In an interview with Targeted Oncology, Richard D. Carvajal, MD, discussed the challenges of conducting clinical trials for the treatment of patients with uveal melanoma, as well as the excitement surrounding 2 potential therapies in this space.
Richard D. Carvajal, MD
Richard D. Carvajal, MD
Uveal melanoma appears to be a relatively rare disease, which poses a major challenge to clinical trials evaluating newer and better treatment options for these patients. Despite a lack of patients to enroll in clinical trials, 2 particular agents seem promising in this setting compared with what may be considered the standard at this time, the combination of nivolumab (Opdivo) and ipilimumab (Yervoy).
IMCgp100 (tebentafusp), an immunotherapeutic agent,received a fast track designation for the treatment of patients with HLA-A*0201-positive metastatic uveal melanomawho were previously untreated, according to an announcement in April 2019. The agent demonstrated promising responses and survival in a small phase I study of this patient population and is now being evaluated further in registration clinical trials.
The targeted therapy of IDE196, an inhibitor of PKC, has also demonstrated promising responses in patients with uveal melanoma. However, these trials were still small due to the rarity of this disease type and will be further evaluated in clinical trials.
In an interview withTargeted Oncology, Richard D. Carvajal, MD, director of Melanoma Service and Experimental Therapeutics Program at Columbia University Herbert Irving Comprehensive Cancer Center, discussed the challenges of conducting clinical trials for the treatment of patients with uveal melanoma, as well as the excitement surrounding 2 potential therapies in this space.
TARGETED ONCOLOGY: Could you provide an overview of the research surrounding uveal melanoma?
Carvajal:It has been an interesting time in the uveal melanoma field. Over the past decade or so, there has been an increased understanding of the biology of the disease, so this is leading to clinical trials and therapies that are at least providing a hint that we are helping our patients clinically.
TARGETED ONCOLOGY: What advances have been made?
Carvajal:The advances have been made on 2 fronts, including the targeted therapy front and immunotherapy front. For the first time in this field, we have 2 drugs in registration-intent clinical trials. The first is a targeted therapy called IDE196, and the other IMCgp100, which is a bispecific immunotherapy agent.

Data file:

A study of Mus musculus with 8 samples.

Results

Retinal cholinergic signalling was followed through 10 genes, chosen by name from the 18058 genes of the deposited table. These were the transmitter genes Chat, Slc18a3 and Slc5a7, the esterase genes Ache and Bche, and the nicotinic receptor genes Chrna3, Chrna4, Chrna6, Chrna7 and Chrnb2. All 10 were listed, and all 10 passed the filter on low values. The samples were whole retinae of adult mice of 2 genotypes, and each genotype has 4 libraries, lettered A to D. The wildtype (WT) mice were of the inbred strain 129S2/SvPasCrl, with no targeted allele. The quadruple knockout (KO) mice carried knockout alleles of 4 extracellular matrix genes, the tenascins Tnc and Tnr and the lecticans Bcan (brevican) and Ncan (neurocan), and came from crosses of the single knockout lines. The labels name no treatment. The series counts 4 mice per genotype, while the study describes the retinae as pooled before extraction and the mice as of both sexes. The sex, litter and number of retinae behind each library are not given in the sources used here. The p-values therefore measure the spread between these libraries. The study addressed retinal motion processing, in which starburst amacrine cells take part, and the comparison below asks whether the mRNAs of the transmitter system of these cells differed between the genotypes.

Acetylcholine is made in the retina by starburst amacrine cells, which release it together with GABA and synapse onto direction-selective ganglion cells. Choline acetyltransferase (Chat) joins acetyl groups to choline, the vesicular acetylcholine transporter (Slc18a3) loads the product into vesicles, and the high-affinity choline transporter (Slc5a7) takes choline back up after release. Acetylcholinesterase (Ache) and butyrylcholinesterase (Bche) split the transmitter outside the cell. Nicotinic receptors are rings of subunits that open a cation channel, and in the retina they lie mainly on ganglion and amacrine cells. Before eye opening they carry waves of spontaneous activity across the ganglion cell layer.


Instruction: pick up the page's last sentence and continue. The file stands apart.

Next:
TARGETED ONCOLOGY: Could you discuss why these 2 particular advances are promising in this treatment landscape?
Carvajal:IDE196 is a PKC inhibitor. It hits both the conventional and novel forms of PKC. It had previously completed clinical trials when it was run by Novartis. If you look at the patients we treated at twice-daily dosing, which was a cohort of about 30 patients, the response rate was fairly modest in the teens. However, if you look at the number of patients who are doing well at a year or longer, about a quarter of the patients were still doing well, which is fairly remarkable for this disease. However, it is a small cohort of patients.
That drug is now in another clinical trial run by another company, IDEYA Biosciences, which is hoping to reproduce those findings or perhaps exceed those.
The other drug, IMCgp100, is a bispecific molecule targeting gp100 in HLA restricted fashion, and the other end binds to CD3. It brings the CD3 cells right into proximity of the tumor cells. In previously completed clinical trials, we have again seen modest response rates in the mid-teens, but what is interesting is when you look at the patients who do well at a year or so, over 70% of patients on the prior trials were alive at the 1-year time point. If you look against historical controls, this was much better.
Now, this drug is in registered clinical trials. The first of 2 trials has completed accrual, and that is just maturing. The second trial, which is a randomized trial of IMCgp100 against investigator’s choice should complete accrual this year.
TARGETED ONCOLOGY: What are the ongoing challenges in this space?
Carvajal:Trying to develop therapies for this disease is challenged by the same issues that other rare diseases have. We will see about 2,000 to 2,500 cases of this per year in the United States, so it is fairly tough to do big randomized trials. We don’t have a great [understanding] of the natural history of the disease, so we are often relying on single-institution experiences or [similar data] to figure out benchmarks for the clinical trials. It is still relatively studied, though. Thankfully, there are more and more underlying targets based on the biology that are being identified, and more and more we are able to get industry and biotech to invest in this disease. However, it is still a small population. It is a small market from the business perspective.
TARGETED ONCOLOGY: What do you hope oncologists take away from this?